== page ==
Microdon larvae, pupa? - Microdon

Microdon larvae, pupa? - Microdon
5 mi. south of Port Angeles, Clallam County, Washington, USA
This is an old image, scanned from a print. I'm only adding it because I think it includes a pupa.
This is Microdon sp. found in a log in the galleries of Camponotus.

Left Two & Right One Certainly Distinct!
I believe the left two are larvae, and the right one is a puparium.

The tubercles on the putative larvae (with the two small, brown, disk-like (or hemispheric?) knobs at top) correspond to the (two fused) posterior spiracles...as does, I think, the small cylindrical looking protuberance at the "tail" of the putative puparium. I recently learned (from Microdon investigator Menno Reemer) that puparia typically develop a pair of well-separated anterior horns (=the anterior spiracles) about two days after pupation. I don't see such horns on the dark immature at right. Perhaps it's less than two days past pupation...or the horns are simply too small to be visible in the photo.

But I'm no expert, just an enthusiast who's been searching for literature and images on the web, and seeking out & receiving advice from the extended BugGuide community...trying to better understand Microdon!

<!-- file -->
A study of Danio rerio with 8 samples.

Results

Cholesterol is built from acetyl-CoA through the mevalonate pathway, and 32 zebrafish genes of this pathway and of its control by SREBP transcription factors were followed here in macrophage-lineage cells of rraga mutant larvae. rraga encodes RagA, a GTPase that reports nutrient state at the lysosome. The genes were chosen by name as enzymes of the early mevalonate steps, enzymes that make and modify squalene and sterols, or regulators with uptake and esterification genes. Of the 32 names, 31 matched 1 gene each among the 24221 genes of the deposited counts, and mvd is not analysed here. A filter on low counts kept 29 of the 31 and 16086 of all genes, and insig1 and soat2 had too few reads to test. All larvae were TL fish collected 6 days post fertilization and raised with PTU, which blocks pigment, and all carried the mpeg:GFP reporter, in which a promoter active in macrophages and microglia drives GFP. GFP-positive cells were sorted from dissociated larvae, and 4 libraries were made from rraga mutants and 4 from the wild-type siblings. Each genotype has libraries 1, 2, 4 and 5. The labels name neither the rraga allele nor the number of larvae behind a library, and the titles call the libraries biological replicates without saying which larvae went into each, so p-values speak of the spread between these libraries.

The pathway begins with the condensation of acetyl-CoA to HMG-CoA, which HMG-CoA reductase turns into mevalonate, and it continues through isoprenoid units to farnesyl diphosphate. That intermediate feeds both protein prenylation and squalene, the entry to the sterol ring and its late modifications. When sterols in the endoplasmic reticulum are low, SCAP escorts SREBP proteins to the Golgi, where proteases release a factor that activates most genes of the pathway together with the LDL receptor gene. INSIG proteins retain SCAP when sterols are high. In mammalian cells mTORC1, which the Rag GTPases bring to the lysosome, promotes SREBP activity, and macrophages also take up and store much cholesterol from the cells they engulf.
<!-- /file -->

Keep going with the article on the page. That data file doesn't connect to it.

Glad you posted this...definitely an intriguing addition to the Guide, vis-a-vis illustrating comparative differences in larvae vs. puparium and anterior vs. posterior (assuming my designations above are correct). I think many BugGuide Microdon posters and readers (including me!) have previously been uncertain about these simple questions.

A (speculative!) guess is that this may be (near to) species M. cothurnatus, per my comment here.

species of Camponotus?
Was the species of Camponotus determined? It would be intriguing if the individual Microdon species were host-specific.

 
Camponotus?
Unfortunately not. Unless there's only one species in the location.

Interestingly, I've never seen such larvae in some 30 years of hauling and splitting wood here.